More than 250 bottlenose dolphins have been rounded up by Japanese fisherman to be slaughtered for meat or sold into captivity, animal conservationists are warning.
The Sea Shepherd Conservation Society (SSCS) said dolphins were corralled into the Taiji cove and held overnight as the town's controversial annual hunt was underway. It said one dolphin died in the process, and a rare young albino dolphin had been among those being held captive by the fishermen.
The SSCS has been live streaming the events in the Cove and posting updates on Twitter and Facebook, after announcing on Friday five separate pods of bottlenose dolphins had been driven into the cove.
The town of Taiji, in the Higashimuro District, continues to hunt for small whales and dolphins after commercial whaling was suspended in 1988.
The town was the subject of the 2009 documentary The Cove, which examined Japan's infamous dolphin hunting culture and the controversial dolphin hunt that takes place in the town between September and April annually. The film won the Academy Award for Best Documentary the following year.
The group said the captive selection process began today. In a Facebook post earlier on Saturday, the SSCS wrote: "250 plus bottlenose dolphins were held in the killing cove for over 19 hours. This morning after sunrise, dolphin killers and local dolphin trainers entered the cove via skiff.
"The captive selection began shortly after 7am this morning as the two pods were further divided to make it easier for the killers to maneuver [sic] toward the shore. Babies were separated from their mothers and herded under the tarps.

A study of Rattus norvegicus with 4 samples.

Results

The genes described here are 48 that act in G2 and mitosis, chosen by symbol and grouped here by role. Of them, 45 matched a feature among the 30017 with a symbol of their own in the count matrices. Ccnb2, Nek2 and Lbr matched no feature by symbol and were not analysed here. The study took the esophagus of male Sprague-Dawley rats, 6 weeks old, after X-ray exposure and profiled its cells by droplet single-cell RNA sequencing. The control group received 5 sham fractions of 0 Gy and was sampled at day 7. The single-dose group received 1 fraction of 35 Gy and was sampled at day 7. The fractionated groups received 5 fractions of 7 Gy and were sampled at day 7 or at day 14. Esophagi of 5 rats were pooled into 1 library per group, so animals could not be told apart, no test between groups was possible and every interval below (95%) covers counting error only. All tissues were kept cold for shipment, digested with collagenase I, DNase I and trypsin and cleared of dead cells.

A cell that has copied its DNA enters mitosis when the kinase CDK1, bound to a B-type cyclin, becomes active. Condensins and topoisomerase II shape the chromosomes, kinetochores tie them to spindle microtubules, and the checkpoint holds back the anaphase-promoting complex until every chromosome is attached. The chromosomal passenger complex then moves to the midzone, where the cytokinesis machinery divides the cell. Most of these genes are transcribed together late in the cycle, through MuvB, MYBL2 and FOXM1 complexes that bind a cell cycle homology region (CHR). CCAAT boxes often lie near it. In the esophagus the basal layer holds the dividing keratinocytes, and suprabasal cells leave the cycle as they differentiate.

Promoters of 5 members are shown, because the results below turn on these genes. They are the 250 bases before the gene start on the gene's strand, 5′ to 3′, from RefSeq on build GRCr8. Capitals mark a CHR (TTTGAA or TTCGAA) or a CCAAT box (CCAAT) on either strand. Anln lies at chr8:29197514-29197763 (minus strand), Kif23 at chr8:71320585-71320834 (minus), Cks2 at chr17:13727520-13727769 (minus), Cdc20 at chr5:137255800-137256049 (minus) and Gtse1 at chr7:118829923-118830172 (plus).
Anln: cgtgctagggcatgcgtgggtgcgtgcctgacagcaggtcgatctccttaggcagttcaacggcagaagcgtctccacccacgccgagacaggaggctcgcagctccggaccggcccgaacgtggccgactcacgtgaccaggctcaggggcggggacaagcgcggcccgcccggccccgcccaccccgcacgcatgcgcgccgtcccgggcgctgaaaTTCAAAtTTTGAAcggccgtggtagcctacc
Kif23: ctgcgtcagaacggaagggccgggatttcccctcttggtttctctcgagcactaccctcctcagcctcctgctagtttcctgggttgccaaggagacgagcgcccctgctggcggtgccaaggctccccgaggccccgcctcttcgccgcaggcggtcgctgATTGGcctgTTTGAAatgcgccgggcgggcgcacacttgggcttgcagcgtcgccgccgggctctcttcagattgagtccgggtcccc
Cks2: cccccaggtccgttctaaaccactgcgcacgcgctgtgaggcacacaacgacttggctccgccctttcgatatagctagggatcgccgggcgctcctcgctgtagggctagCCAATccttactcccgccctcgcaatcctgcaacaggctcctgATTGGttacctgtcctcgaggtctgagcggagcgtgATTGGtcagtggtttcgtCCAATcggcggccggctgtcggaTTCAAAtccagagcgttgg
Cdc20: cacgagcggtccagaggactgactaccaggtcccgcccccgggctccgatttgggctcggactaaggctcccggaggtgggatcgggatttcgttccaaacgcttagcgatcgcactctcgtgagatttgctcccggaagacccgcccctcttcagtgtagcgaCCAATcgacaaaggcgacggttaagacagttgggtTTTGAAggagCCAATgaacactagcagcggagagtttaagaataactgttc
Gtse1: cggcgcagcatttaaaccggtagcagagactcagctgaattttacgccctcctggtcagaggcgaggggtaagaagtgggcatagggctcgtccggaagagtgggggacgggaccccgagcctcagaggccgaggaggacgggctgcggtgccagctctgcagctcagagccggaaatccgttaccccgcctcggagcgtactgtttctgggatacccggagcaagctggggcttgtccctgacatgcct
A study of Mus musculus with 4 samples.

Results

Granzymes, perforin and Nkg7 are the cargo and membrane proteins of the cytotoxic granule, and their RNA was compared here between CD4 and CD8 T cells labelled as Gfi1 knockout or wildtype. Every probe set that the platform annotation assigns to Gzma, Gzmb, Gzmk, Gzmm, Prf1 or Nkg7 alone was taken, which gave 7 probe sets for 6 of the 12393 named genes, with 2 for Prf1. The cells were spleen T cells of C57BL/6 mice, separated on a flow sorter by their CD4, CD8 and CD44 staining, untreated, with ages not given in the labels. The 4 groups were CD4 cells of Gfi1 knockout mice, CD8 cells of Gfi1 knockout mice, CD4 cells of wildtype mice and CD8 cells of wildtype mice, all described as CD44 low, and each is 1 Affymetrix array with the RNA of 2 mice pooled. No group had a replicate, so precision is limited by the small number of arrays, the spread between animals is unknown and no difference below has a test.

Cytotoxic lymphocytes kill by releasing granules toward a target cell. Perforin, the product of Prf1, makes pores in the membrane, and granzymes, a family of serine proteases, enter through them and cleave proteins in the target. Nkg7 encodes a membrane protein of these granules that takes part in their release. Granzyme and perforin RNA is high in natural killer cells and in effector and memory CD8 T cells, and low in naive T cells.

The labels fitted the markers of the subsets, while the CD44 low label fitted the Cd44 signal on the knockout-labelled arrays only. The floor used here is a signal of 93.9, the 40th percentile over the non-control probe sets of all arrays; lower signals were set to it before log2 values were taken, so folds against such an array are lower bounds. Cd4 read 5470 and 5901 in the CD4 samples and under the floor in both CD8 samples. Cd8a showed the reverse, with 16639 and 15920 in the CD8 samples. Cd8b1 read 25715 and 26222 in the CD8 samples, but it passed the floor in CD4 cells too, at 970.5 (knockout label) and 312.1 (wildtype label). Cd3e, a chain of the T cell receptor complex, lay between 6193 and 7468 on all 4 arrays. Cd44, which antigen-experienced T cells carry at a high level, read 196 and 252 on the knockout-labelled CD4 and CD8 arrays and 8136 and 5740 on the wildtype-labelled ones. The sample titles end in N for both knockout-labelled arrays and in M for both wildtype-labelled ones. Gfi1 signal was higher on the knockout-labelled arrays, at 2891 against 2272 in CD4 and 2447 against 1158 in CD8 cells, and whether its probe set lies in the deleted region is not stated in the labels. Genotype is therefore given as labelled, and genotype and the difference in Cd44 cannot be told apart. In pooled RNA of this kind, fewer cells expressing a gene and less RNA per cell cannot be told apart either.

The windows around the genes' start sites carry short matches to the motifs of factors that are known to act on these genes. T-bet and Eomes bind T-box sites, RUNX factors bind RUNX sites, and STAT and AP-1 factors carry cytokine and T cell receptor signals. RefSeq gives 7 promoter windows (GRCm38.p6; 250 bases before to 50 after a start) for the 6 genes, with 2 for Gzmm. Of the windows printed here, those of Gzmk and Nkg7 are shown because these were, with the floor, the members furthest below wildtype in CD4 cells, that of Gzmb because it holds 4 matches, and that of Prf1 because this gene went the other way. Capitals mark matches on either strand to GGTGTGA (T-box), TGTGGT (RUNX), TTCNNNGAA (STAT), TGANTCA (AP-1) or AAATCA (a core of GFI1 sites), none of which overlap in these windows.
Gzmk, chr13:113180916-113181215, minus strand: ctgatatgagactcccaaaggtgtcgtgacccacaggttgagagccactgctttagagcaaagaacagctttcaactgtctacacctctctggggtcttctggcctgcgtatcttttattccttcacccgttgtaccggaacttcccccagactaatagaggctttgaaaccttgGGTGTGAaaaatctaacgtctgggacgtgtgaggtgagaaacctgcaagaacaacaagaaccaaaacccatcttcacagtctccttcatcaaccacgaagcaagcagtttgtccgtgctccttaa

"The first of the captives that was taken this morning was the rare white bottlenose calf. The killers hid the baby dolphin under a tarp and transferred immediately to Taiji Whale Museum.
"A total of 25 dolphins were kidnapped from the cove during the eight-hour captive selection today. One dolphin did not survive the traumatic process and was dragged to the butcher house. The remaining 200 plus pod will be left divided and will be held for a second night in the shallow waters of the cove until the captive selection will resume at approximately 7am tomorrow morning."
Caroline Kennedy, The US ambassador to Japan tweeted her concern following news of the hunt today.
Celebrities also joined in condemning the hunt, with comedian Ricky Gervais calling for Twitter users to re-tweet the hashtag #tweet4taiji and actress Kirsty Alley tweeting: "HUNDREDS of DOLPHINS awaiting SLAUGHTER in #THECOVE ... JAPAN, STOP THIS HORROR!!"
Local fishermen defend the hunt as a centuries old local custom, but conservationists consider the hunt slaughter.